Eastern Ranges captain Josh Clarke. (Photo: AFL)

A VFL encounter with one of Aussie rules' most famous family names taught Eastern Ranges captain Josh Clarke a whole lot more about football.

A VFL encounter with one of Aussie rules’ most famous family names taught Eastern Ranges captain Josh Clarke a whole lot more about football.

The over-ager was overlooked in the 2020 AFL Draft despite being considered one of the NAB League’s best rebounding defenders, re-joining the Ranges as the competition moved to an under 19s model.

It was a move that gave players who missed out last year the opportunity to go back and hone their craft further, and that’s exactly what it’s done for Clarke.

He only managed three games for the Ranges this year, but impressed in every single one.

A best on ground performance against the Western Jets in June put the 19-year-old back in the minds of recruiters. 38 disposals (31 being kicks), seven marks, six inside 50s and three rebound 50s announced that Clarke hadn’t given up on his draft dream yet.

In timing that could purely be described as fate, an opportunity opened up the following weekend to make his VFL debut.

With border restrictions impacting the state league competition which now included sides from New South Wales and Queensland, the travelling Sydney Swans only had their extended squad of AFL-listed players to choose from for their VFL match, with the VFL-only players forced to stay behind.

The Swans took the chance to give an opportunity to Victoria’s best youngsters in their match against Frankston.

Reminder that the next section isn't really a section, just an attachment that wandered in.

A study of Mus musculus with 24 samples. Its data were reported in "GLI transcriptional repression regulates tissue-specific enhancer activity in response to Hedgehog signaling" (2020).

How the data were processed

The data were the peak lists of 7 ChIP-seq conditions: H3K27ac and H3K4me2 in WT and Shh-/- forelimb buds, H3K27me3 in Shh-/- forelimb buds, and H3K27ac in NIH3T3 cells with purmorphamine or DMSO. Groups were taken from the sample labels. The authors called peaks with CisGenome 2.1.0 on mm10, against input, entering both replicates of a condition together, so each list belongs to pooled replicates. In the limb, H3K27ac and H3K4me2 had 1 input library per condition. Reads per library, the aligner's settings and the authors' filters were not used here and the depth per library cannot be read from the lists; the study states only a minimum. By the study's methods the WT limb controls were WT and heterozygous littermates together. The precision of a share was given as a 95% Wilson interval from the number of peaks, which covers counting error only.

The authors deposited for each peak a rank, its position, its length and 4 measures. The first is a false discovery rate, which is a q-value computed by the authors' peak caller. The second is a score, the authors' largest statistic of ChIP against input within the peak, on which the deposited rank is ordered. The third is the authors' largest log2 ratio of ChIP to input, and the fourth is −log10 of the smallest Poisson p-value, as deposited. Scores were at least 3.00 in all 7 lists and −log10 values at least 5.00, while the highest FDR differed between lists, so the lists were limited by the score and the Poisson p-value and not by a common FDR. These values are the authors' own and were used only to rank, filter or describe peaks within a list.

Clarke lined up in the Swans backline, finishing the match with eight disposals, four marks and two tackles. It was an experience that he’s taking with him into draft night.

He would then line up the following week with Collingwood in a thrilling five point win over Richmond.

“It was a really good opportunity from both clubs, to step up a bit and play high level footy,” Clarke told Yarra Valley FM’s The Sport.

“It was an unreal experience. Both a bit different, not knowing anyone at Sydney and just knowing a few people that got drafted in my year at Collingwood. It was a really good opportunity, and I enjoyed it a lot.”


Filled with confidence after making a steady transition into playing senior football, the match was a bit of a reality check for the dynamic outside runner.

“I was on Rioli, which was a little bit scary to be honest,” Clarke laughed.

“I understand now that you can’t tackle them [the Riolis], they slip right out of there. It was tough.”

Rioli landed 10 tackles of his own to go along with 17 disposals, in what was a tough day at the office for Clarke and his fellow defenders.

Despite the relative towelling up that he received in his match-up, it gave him a look into how AFL and VFL sides organise their backlines and the tactics that go into top level football.

“The Collingwood game, I played half-back,” Clarke explained.

“[For] a lot of the senior boys there it was all about structure, and how they wanted to move the footy out of the D50. Learned a fair bit about that, and some body craft one-on-one.”

While Clarke hasn’t had the opportunity to give recruiters a lot of footage to work with in 2021, he’ll be hoping a particularly impressive 2019 campaign and taking his chances when he got them will add up.

He averaged 16.1 disposals, 3.1 inside 50s and 2.3 rebound 50s in his bottom-age season, and was unlucky to not be considered in the rookie draft by any side looking for a half-back flanker or wing prospect.

His return to the Ranges for a final game of this season saw him boast a remarkable stat line of 28 disposals, 11 marks, 11 inside 50s and two rebound 50s.

Clarke can utilise both his pace and his elite skills by foot to drive the ball forward with speed and efficiency to his forwards. He’s grown in strides as the club captain, and could be a late to rookie consideration for any club looking to add to its outside stocks.